Parkinson’s disease: What to look for

Alicia Colombo

In observation of Parkinson’s Awareness Month in April, Milestones recognizes the opportunity to increase awareness of the ailment and its symptoms. Parkinson’s disease (PD) is a long-term brain disorder where the central nervous system degenerates, affecting the body’s motor functions. About 10-15% of people with Parkinson’s disease have a family history of the condition.

Motor symptoms
According to the American Parkinson Disease Association, there are four primary motor symptoms of PD:

  • Tremors, or trembling, of the hands, arms, legs, jaw or head.
  • Rigidity, or stiffness, of the limbs and trunk.
  • Slowness of movement, referred to as “bradykinesia.”
  • Impaired balance and coordination, called “postural instability.”

Observing two or more of these symptoms is the main way that physicians diagnose PD. It is important to know that not all these symptoms need be present for a diagnosis to be made.

Non-motor symptoms
Because PD is a movement disorder, the associated non-motor symptoms can often be overlooked. Common symptoms of Parkinson’s that do not primarily involve movement include:

  • Depression and other emotional changes.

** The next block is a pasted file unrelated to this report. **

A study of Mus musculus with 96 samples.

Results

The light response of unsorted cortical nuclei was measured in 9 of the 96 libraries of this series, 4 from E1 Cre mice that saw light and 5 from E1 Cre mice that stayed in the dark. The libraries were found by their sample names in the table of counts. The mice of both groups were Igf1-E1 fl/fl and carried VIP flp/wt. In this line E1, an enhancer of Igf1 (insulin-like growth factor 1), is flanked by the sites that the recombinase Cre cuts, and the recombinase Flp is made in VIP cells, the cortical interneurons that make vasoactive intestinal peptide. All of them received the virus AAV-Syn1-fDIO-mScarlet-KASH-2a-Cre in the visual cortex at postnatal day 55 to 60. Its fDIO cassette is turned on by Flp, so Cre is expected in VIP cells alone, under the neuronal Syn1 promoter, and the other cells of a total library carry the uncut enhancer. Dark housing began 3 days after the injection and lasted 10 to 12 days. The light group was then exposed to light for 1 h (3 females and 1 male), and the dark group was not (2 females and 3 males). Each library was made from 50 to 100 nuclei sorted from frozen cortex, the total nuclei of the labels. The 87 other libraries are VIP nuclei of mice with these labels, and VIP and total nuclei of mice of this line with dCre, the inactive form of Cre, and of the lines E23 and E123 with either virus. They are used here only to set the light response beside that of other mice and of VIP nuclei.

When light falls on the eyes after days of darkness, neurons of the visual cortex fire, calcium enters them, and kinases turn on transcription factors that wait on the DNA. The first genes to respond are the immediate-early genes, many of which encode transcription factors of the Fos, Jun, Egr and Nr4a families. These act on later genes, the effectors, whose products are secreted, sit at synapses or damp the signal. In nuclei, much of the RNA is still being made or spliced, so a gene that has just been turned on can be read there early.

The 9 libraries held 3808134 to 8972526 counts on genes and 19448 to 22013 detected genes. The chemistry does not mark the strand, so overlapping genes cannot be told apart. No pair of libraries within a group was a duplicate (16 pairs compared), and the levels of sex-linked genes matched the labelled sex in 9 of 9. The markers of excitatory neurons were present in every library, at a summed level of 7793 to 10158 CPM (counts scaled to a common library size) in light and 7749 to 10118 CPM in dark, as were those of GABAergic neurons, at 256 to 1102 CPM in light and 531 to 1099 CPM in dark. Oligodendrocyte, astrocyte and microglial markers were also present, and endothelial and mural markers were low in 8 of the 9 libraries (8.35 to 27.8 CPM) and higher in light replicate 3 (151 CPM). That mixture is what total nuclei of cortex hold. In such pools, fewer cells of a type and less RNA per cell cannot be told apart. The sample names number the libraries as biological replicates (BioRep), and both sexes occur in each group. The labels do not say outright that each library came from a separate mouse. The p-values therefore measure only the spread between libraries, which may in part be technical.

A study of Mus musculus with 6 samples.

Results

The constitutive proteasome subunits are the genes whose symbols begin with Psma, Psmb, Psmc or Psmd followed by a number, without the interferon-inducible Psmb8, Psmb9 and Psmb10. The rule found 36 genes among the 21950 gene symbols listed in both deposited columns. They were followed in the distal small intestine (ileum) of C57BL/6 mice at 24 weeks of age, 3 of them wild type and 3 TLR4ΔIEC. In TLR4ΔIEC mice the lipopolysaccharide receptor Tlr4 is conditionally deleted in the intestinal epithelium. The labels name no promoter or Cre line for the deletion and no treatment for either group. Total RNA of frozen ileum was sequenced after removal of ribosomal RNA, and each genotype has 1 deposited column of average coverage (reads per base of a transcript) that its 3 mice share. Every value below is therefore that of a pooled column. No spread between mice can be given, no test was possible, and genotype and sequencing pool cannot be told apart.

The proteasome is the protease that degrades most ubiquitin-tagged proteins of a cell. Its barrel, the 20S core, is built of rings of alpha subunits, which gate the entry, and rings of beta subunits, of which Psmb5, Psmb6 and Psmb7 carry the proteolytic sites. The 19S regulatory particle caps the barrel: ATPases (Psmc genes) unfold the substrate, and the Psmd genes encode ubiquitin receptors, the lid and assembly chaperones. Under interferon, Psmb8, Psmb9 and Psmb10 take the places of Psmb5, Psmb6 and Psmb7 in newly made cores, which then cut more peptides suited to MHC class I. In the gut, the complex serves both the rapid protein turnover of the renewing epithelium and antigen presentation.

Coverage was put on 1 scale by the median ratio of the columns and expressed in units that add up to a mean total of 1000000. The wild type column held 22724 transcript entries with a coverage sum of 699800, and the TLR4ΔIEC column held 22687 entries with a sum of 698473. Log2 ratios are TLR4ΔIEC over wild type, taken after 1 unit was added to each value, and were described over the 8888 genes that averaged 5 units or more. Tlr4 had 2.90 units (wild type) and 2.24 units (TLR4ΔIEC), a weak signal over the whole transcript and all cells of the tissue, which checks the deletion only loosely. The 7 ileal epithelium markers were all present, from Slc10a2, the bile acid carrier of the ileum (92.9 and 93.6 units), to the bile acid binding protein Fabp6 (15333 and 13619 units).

• Difficulty swallowing, chewing and speaking.
  • Urinary problems or constipation.
  • Skin problems, including increased or decreased sweating; patches of scaly, irritated skin and dandruff (known as seborrheic dermatitis); and skin cancer.
  • Sleep disruptions.

Disease progression
According to the National Institute on Aging, early symptoms of PD are subtle and usually begin gradually but worsen over time. Many people with PD notice sleep problems, constipation, decreased ability to smell and restless legs, prior to experiencing stiffness and tremors. One side of the body is often affected first. As the disease progresses, the entire body becomes affected.

Friends or family members may be the first to notice changes in someone with PD, such as a lack of facial expression or an arm that does not move normally.

Sometimes, people dismiss early symptoms of PD as effects of normal aging. In most cases, there are no medical tests to definitively detect the disease, so it can be difficult to diagnose accurately. If you suspect that you or someone you know may have Parkinson’s disease, see a neurologist or movement disorders specialist.

To learn more about Parkinson’s disease and its effects, browse the American Parkinson Disease Association’s resource library at apdaparkinson.org/resources. The Parkinson Council, 12 W. Willow Grove Ave. in Philadelphia, is dedicated to improving the quality of life for people with Parkinson’s, care partners and families in the Delaware Valley. For information about local programs and resources, including PD support groups, call 610-668-4292 or go to TheParkinsonCouncil.org.